Articles of the Day


Google To Take On Baidu’s Music Site — Google, the worldwide leader in search, is taking on Baidu.com, the undisputed No.1 in China, by launching its own music search site — except this one only points users to music that’s legal to distribute. The site, which is only available to Chinese users, points to songs hosted by Top100.cn, a Chinese music site backed by NBA star Yao Ming. It will be ad-supported, with Top100.cn sharing the ad revenue with its music partners. Ars Technica says the move is a direct response to Baidu’s dominance of the music search market. The Chinese search leader has made a name for itself providing deep links to endless quantities of illegal music. Recently, the Music Copyright Society of China and the International Federation of the Phonographic Industry (IFPI) questioned Baidu for its MP3 deep-linking policies in lawsuits filed against the search engine for enabling copyright infringement. Three labels represented by the IFPI seek a maximum of $9 million in damages, though the organization claims Baidu could be forced to pay billions in reparations.

AOL Split On Track, But Options Open On Sale Of Access; Prudent Aquisitions — Time Warner is making good progress, says CEO Jeff Bewkes, on curating the proper portfolio of assets. Cable is obviously on track and the deal to spin it fully off should be done by the end of the year. On AOL: “We’ve now made key financial and strategic decisions that will enable us to operate the access and audience.” But it still sounds a tad murky: assets of the company has been divided into three categories: access, audience and something called shared services. TWX will pursue prudent acquisitions, but only ones that provide a meaningful financial return, and one that’s superior to other uses of cash. Given the low share price, it will be difficult to find acquisitions, says Bewkes, that will be superior to just buying back stock. That being said, given all the financial changes the company is undergoing, buybacks are currently on pause. Following the big one-time dividend from TWC? Same. Prudent acquisitions if possible, but expect more cash returned to shareholders.

WebMD Q2 Revs Up 15 Percent; Income Up 25 Percent; Pharma Ads Coming Back?— Health portal WebMD reported revenue of $89.2 million, a 15 percent increase from $77.3 million in the year-ago quarter. Net income from continuing ops of $6.4 million ($.11 per share) were up 25 percent from last year’s $5.1 million ($.09 per share). The company’s core segment, online services, had revenue of $84.6 million, up 16 percent from last year. That was mainly due to 19 percent growth in advertising and sponsorship revenue. Earlier this year the company lowered its outlook for the year due to advertiser hesitance and the business climate, but in the announcement the company simply maintains the forecast. As for the company’s merger with HLTH, it currently expects the deal to close in October.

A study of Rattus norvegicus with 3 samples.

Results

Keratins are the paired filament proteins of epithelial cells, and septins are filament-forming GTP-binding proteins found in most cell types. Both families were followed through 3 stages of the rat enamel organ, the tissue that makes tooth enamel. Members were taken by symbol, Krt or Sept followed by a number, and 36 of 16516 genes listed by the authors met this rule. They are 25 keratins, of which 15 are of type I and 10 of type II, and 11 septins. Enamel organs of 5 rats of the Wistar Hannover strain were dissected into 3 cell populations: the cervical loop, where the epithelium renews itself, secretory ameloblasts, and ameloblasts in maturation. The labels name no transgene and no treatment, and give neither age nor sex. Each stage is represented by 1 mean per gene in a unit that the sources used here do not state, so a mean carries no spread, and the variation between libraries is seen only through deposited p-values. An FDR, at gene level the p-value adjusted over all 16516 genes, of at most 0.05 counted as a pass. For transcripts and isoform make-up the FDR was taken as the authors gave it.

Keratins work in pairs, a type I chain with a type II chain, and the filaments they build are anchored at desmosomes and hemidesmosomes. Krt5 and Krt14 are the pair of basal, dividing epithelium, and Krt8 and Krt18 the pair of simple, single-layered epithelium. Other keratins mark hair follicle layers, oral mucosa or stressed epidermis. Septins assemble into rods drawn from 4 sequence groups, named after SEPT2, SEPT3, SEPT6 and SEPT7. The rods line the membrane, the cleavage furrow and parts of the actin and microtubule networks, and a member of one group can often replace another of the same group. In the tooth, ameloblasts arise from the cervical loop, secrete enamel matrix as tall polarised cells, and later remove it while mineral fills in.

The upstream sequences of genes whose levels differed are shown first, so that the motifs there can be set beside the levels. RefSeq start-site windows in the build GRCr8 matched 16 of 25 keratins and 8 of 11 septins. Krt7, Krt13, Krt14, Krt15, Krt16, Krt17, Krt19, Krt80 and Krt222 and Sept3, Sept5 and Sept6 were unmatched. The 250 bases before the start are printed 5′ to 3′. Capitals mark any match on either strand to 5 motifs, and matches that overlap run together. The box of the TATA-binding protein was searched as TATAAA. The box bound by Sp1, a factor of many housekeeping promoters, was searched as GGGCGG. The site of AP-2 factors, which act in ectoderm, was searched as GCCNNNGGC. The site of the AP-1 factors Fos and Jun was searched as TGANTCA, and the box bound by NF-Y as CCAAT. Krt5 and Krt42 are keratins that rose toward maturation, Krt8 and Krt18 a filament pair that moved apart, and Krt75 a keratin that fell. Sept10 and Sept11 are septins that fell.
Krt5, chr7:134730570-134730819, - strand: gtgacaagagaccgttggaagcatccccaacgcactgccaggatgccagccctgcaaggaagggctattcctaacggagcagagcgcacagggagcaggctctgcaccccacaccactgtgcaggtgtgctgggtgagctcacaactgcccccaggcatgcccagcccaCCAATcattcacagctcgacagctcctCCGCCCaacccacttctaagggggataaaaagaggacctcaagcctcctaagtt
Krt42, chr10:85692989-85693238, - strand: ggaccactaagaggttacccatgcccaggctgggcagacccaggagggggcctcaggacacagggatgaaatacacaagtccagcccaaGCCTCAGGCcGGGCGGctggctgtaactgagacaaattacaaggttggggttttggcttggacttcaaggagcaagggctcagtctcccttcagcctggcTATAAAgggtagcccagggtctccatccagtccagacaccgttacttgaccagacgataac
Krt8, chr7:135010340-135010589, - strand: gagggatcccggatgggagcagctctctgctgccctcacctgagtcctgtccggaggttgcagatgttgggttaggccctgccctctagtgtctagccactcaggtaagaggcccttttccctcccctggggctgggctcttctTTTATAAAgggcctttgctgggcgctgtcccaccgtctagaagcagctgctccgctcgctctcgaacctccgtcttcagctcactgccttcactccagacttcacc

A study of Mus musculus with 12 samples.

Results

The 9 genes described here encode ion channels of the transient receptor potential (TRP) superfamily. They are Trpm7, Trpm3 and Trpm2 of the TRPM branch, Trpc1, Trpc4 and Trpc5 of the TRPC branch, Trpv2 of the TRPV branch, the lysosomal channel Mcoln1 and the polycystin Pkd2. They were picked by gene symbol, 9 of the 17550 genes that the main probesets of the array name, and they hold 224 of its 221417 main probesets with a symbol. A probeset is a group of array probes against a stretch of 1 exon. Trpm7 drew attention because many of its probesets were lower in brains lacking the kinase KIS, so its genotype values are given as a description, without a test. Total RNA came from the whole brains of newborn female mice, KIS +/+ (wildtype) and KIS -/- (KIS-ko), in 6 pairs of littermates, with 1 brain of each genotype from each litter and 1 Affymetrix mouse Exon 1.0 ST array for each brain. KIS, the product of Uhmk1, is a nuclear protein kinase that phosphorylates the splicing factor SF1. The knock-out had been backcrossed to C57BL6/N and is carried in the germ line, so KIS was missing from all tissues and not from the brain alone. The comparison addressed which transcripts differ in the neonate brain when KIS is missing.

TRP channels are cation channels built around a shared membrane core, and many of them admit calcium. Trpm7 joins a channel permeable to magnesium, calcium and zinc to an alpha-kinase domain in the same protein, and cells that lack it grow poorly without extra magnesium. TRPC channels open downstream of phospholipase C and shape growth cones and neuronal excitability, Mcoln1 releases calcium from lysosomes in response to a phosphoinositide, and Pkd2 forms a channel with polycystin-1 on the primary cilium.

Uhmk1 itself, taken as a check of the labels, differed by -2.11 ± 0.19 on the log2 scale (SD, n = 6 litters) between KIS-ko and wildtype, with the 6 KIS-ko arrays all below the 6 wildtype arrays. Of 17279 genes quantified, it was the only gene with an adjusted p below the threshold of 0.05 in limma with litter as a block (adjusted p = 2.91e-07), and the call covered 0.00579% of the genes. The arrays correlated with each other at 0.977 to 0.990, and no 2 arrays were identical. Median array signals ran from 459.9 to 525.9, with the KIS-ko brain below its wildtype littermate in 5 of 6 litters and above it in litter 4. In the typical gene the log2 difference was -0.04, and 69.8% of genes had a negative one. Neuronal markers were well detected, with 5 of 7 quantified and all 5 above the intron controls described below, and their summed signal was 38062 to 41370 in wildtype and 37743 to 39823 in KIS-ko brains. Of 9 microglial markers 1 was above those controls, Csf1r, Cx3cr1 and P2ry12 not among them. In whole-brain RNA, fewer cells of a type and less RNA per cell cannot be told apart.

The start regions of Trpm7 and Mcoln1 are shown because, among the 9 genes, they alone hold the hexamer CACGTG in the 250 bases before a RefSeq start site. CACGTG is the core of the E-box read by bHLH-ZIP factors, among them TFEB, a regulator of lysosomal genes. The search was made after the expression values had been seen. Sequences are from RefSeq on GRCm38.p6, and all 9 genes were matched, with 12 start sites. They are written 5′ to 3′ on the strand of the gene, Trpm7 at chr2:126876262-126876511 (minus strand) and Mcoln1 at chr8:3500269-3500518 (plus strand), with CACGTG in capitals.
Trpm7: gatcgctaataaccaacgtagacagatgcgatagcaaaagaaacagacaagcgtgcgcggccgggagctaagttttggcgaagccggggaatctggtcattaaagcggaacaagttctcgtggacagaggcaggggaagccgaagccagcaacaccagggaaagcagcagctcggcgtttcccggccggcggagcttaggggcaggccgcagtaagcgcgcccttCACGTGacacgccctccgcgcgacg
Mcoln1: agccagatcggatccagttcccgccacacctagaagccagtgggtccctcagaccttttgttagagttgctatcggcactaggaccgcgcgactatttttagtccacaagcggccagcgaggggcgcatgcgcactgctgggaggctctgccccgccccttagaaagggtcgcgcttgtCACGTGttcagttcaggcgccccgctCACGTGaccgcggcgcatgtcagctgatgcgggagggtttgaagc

Bebo Write Down Looms For Time Warner — AOL, which continues to weigh down Time Warner’s stock and may soon be sold, could be forced to write down its recent acquisition of Bebo, says Silicon Alley Insider’s Peter Kafka. In its most recent SEC filing, Time Warner reveals that $760 million of the $857 million it paid for Bebo price was attributable to goodwill, while another $86 million went to “specific amortizable intangible assets.” That leaves $11 million for the actual company. In other words, says Kafka, “there’s almost no there there.” Goodwill represents the premium AOL paid for the social network. It was almost all premium. Now, this may be standard practice in the Internet biz, but sometimes, when the asset doesn’t deliver as promised, the acquirer is forced to come back and tell investors that it paid way too much, then it gets to write down the loss. Time Warner had to do this with AOL in 2003. EBay had to do this with Skype in 2007.

CondéNet Integrates Ad Sales Teams; Staff Reorg Focuses On Verticals, Not Titles –Times are getting a little tougher for online ad revenues. And so with marketers’ demands for one-stop shopping across a company’s sites getting louder, CondéNet has decided to simplify its two ad sales teams into one. Up until now, there was one team handling ads for Style.com, Men.Style.com, and flip.com, and a separate sales team selling Epicurious.com, Concierge.com, NutritionData.com, HotelChatter.com and Jaunted.com. While categories like food, travel, fashion and teen, focus on different subjects, the reasoning is that the broad audience demos they attract make it more worthwhile to explore where visitors to those sites intersect. And so, sales staff will operate according to particular verticals, not titles.